Despite the fact it has consumed an obscene amount of my time since 2005, I am entirely unrepentant. I'm even kind of proud. Through constant clicking from one article to another, I have garnered copious volumes of information on a subjects from medieval history to quantum field theory , often at the expense of sleep. On the plus side, it has made me a formidable force at table quizzes.
But this post isn't a JUST going to be a love letter to what may be one of the most valuable resources of the 21st century. There's a creeping quasi-intellectual cynicism about Wikipedia - an assumption that such a collaboration is inherently untrustworthy. This isn't strictly true, but using Wikipedia (or actually, any source) correctly requires a modicum of savvy, so allow me to try and give you "The Golden rule of using Wikipedia"
|You know your Wikipediphilia is out of hand when it starts interrupting your porn viewing...|
- ALWAYS follow the citation sources for an article, given in the little blue brackets to check two things; (I) that the source itself is reliable and (II) that the source is in agreement with the tone of the article.
In essence, this is all you need to know about using Wikipedia correctly; if the citations are reliable, and the material supports the conclusions in the article, then it is fine. But never skimp on this crucial step. There are a few subtle other points and Wikipedia themselves have an excellent article on how to use Wikipedia for research that is well worth a read but CHECK YOUR SOURCES in gigantic capital letters is the take home message.
The converse of this is not to be a total cretin when someone links you to a Wikipedia article; I have lost count of the amount of times I have linked someone on Twitter to Wikipedia article, usually because they have utterly wrong about something which the very first paragraph would put them right on, to which they reply something condescending about expecting a higher standard of evidence.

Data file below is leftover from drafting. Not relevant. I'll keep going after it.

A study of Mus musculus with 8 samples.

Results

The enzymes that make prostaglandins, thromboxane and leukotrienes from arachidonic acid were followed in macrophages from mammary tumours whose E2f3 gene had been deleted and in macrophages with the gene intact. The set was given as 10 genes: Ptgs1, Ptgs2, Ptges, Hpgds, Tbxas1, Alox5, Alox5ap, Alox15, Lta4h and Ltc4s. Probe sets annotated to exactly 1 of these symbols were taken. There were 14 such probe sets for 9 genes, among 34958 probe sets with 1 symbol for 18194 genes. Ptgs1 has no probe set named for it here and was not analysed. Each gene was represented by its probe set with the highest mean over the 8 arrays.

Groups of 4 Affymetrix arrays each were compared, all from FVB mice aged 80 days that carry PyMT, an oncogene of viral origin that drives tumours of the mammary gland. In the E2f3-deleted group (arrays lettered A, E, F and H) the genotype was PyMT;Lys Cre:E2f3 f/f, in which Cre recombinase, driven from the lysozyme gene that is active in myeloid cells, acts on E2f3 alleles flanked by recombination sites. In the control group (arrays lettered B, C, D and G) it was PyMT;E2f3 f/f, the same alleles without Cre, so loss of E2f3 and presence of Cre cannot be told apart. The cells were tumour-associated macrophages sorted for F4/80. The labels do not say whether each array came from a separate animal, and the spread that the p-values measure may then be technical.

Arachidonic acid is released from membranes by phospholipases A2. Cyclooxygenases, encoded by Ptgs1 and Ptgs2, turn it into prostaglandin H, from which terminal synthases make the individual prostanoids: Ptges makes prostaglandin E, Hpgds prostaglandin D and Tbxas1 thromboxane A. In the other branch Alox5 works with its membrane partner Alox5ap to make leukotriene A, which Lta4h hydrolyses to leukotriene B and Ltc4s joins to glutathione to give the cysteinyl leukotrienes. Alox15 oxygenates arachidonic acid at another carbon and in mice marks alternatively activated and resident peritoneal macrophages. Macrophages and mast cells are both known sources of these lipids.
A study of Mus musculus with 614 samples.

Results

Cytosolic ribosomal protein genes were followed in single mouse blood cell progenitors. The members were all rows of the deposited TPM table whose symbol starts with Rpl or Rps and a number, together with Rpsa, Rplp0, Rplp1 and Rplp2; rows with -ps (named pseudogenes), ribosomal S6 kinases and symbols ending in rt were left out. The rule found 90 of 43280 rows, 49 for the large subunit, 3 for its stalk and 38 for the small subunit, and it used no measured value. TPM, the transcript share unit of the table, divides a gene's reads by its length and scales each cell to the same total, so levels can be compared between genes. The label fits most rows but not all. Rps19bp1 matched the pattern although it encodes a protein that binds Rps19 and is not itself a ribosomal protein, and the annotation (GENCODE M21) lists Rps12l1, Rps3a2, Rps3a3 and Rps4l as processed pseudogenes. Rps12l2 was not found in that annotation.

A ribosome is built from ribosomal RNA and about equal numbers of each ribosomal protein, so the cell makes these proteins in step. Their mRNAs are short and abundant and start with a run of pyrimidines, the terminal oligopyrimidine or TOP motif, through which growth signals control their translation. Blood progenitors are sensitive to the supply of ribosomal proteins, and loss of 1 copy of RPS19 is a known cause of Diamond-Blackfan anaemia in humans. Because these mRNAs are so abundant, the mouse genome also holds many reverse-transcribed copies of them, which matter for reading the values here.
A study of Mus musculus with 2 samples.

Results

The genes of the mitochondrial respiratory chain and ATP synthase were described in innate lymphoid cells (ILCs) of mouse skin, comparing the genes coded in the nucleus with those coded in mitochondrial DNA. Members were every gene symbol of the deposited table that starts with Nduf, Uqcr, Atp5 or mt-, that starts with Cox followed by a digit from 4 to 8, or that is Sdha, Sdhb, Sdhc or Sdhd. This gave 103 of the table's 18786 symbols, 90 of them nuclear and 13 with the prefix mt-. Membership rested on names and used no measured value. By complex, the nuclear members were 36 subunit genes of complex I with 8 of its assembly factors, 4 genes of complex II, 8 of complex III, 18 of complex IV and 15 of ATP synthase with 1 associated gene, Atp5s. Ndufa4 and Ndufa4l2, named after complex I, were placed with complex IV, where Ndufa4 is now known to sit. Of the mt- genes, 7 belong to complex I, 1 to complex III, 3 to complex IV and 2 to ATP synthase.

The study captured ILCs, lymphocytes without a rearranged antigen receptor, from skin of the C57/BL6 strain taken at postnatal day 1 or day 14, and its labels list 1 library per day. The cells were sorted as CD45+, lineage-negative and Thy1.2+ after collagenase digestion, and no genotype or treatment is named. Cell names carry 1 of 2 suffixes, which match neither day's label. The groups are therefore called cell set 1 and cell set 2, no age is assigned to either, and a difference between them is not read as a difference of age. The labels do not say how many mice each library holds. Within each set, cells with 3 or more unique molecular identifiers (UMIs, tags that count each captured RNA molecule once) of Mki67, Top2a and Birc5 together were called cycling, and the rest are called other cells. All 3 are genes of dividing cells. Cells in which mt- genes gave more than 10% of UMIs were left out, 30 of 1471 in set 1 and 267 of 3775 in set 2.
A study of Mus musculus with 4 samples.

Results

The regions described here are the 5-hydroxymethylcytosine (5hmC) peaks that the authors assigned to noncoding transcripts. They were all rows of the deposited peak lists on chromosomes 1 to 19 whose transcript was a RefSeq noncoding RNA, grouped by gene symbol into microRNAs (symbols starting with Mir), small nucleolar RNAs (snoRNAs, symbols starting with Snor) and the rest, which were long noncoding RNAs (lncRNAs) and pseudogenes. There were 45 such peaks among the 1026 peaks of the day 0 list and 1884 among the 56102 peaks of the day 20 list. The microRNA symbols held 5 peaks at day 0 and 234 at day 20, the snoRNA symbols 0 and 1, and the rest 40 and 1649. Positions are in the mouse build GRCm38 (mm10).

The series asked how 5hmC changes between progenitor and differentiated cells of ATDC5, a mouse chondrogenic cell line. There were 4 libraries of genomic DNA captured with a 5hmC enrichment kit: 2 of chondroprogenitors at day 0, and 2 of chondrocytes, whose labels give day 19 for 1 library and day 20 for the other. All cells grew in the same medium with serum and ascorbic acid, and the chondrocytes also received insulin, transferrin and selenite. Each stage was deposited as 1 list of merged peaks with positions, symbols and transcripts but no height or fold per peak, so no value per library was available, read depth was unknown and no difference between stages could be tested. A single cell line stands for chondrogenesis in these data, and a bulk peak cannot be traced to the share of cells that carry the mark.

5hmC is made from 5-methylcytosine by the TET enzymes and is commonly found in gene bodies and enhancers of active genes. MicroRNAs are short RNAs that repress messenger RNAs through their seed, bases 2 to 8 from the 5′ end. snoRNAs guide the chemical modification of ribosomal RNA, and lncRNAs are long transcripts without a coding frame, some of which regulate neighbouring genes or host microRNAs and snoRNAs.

Let me be perfectly clear - if you're that person, you're an idiot. If I linked you to a Wikipedia article, it was solely because all the information you needed on the subject or whatever particular delusion you were labouring under was CONTAINED WITHIN THAT ONE LINK. When you reply something dismissive, all you're doing is telling me you're a pseudo-intellectual who lacks the cognitive capacity to read and check what you're reading is correct. Wikipedia isn't the research source; it's a damn useful way of putting a wealth of information about a topic in one place.
Wikipedia is one of those projects that reminds me there is still some shred of hope for humanity - that people give their free time to collect, share and index human thought is inspiring. Experts maintain many of the articles, with the net effect of improving discourse and understanding. I've tried to contribute in my own small way as an academic by adding to articles pertaining to my doctoral and research areas, and I know many scientists who have done the same. Wikipedia will make us better critical thinkers in a more democratic manner, and better informed people as a result. Let's resist denigrating it and see if for the wonderful and free resource it truly is.